Why Taweret is the ancient Egyptian hippo goddess we need now

Taweret has the body of a hippo, the legs of a lion, and the face of a crocodile, as though the ancient Egyptian gods were experimenting with cloning when they got into a little barley beer. She looks like the goddess who carried the hero’s luggage, made sure his spear was sharp and his beard clean—the cosmic sidekick. But her disarming, roly-poly appearance—like that of real hippopotami—is deceptive. Taweret was one of the most widely venerated gods in ancient Egypt, where the three animals that make up her look were considered the most ferocious in the kingdom, especially when their young were threatened.

In “Egypt’s Sunken Cities,” an exhibition of ancient Egyptian artifacts now at the Minneapolis Institute of Art, a statue of Taweret stands atop a series of pedestals so that you are almost eye to eye with this diminutive deity. And you can imagine the mythical world in which this goddess walked upright among the reeds of the Nile River, alert to threats, in perpetual protection mode. She was a god of the people, with no real state cult or temple but plenty of believers, at once ubiquitous and inconspicuous. Almost every home, especially one with young children or an expectant mother, would have had an amulet or figurine or feeding cup with her likeness, and a magician-priest might have drawn a circle in the sand around a woman in labor or a sleeping child with an ivory wand made from hippopotamus tusk. She was the god you turned to when your body, like that of Taweret herself, became rounded and full of fragile promise, when life was at stake.

In the great myth of ancient Egyptian religion, Taweret showed what she was made of. Osiris, king of Egypt, had been slain and dismembered by his brother Seth. And when Osiris’ son, Horus, rose to power, Seth sought to kill him too. But Taweret would have none of it. She held Seth down so Horus could take him out. (In the very ancient days of ancient Egypt, priests suggested that Horus and Seth were were sharing power in a kind of eternal battle, but as the cult of Horus became ascendent the story changed—Horus triumphed over Seth.)  Taweret, after all, was a god of fertility, of life. And life was better than the alternative.

For a time, there were even several overlapping hippo deities in ancient Egypt. Ipet, Reret, and Hedjet all played essentially the same role as Taweret, and may even have been aspects of the same deity. Redundancy was not an issue, in any case. Hippos were simply that admired and feared. Which eventually worked against them in real life.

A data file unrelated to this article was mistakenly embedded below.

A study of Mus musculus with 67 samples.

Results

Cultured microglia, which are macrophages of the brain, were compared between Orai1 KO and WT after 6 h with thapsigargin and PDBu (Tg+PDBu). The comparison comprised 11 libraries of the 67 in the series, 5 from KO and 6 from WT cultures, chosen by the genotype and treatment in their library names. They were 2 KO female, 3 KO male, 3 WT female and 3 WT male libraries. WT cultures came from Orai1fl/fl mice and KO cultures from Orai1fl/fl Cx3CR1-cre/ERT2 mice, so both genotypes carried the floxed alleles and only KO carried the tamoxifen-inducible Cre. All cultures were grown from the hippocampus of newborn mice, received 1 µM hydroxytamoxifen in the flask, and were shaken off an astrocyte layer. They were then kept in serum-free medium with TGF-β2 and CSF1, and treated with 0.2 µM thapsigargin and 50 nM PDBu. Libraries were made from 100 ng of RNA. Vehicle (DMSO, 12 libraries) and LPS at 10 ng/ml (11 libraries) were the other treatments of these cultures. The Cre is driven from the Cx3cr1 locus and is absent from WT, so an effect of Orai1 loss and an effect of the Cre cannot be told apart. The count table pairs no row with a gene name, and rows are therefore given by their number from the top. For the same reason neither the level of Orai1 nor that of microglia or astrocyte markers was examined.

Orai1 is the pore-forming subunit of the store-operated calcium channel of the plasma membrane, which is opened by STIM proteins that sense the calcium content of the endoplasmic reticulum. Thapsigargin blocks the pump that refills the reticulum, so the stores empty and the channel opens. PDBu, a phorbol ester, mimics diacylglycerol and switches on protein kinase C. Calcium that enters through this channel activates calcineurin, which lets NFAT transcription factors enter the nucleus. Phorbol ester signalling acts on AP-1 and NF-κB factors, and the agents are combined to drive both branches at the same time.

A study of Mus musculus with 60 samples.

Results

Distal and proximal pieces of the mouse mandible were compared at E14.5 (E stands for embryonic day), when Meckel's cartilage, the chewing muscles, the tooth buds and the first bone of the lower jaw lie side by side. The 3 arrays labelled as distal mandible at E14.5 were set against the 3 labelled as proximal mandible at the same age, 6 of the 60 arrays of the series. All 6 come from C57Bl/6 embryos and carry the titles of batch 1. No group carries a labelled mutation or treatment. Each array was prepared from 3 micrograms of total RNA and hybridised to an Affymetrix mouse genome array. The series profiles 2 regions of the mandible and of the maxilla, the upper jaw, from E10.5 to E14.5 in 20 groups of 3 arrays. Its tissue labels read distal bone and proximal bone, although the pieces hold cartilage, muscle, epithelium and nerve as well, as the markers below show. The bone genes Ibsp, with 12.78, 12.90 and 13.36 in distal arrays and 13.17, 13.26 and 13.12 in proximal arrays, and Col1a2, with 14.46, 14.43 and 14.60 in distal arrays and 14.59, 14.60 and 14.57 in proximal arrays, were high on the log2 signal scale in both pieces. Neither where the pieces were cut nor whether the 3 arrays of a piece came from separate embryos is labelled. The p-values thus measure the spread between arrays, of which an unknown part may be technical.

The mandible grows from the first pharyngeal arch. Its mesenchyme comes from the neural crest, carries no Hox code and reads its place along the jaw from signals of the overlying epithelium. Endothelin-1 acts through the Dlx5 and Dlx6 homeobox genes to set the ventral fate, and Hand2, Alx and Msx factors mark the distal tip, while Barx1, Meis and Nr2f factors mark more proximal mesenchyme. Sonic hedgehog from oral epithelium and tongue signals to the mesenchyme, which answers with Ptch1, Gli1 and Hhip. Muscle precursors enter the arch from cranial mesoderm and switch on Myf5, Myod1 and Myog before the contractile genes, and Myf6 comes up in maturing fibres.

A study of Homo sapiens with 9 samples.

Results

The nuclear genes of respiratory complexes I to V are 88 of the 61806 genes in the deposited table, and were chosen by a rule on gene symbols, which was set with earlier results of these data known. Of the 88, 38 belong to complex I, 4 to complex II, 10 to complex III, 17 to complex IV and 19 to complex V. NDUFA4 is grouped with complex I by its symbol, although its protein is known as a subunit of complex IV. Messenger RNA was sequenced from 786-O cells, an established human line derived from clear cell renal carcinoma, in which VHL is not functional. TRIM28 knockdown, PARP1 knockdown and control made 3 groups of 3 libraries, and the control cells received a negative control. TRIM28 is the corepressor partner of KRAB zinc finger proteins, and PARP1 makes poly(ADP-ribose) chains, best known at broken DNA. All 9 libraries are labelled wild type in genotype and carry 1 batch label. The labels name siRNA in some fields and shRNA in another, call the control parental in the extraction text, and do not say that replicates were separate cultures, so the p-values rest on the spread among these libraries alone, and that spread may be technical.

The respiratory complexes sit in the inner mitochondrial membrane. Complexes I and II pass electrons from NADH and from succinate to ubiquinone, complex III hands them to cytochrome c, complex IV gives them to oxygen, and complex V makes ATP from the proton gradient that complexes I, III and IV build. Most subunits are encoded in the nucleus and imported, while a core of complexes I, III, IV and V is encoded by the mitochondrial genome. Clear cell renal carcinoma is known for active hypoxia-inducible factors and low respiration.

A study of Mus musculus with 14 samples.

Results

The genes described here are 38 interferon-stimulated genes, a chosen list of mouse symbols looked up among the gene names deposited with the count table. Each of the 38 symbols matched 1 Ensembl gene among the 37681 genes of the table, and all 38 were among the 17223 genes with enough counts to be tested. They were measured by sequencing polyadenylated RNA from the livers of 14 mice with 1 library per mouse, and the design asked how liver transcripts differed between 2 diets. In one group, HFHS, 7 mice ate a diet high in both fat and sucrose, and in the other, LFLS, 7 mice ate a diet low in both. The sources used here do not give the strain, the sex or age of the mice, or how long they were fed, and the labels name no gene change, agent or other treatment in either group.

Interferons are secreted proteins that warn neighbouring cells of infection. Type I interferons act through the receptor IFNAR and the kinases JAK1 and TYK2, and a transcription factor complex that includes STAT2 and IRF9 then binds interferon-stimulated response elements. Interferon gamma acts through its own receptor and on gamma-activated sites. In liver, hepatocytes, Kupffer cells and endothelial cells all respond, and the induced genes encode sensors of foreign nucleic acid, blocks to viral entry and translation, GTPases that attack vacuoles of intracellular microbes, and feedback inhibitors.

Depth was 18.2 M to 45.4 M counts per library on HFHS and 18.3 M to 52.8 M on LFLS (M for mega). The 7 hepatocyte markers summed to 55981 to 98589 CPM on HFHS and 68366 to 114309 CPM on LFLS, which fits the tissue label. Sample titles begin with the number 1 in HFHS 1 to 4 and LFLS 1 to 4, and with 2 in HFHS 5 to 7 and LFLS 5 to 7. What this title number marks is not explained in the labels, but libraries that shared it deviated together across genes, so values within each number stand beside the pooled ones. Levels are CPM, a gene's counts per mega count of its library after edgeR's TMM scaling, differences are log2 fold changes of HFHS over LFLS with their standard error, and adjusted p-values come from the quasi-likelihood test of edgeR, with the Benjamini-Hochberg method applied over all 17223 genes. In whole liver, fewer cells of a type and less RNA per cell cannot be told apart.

Pharaohs, like all autocrats, were perpetually out to prove their ultimate power. And as the hippo was the most fearsome animal in their land, to slay one—or dozens—was to be even more powerful. The most powerful. And so the pharaohs waded into the wetlands of the Nile with assistants who would harpoon the animals again and again until a thrashing hippo opened its mouth to reveal its tusks—and its most vulnerable area.

The hippo is extinct now in Egypt, the result of hunting but also agriculture and industry and climate change, which has dried Egypt considerably in the five thousand years or so since hippo gods began showing up on amulets. The lion, too, once roamed Egypt—a couple different species, in fact. Both are now extinct there. In fact of the 37 large mammal species that once roamed Egypt, including rhinos and leopards and giraffes, only eight remain. The crocodile is the only surviving aspect of Taweret.

Taweret could save the children of thousands of humans, it seems, and the child of Egypt’s godly ruler. But humans could not save Taweret from themselves.

Pictured: Installation view of “Statue of Tawaret,” 664–610 BCE, graywacke, Luxor, Late period, Dynasty 26, in the reign of Psamtik I, Egyptian Museum, Cairo CG 39145, in “Egypt’s Sunken Cities” at Mia.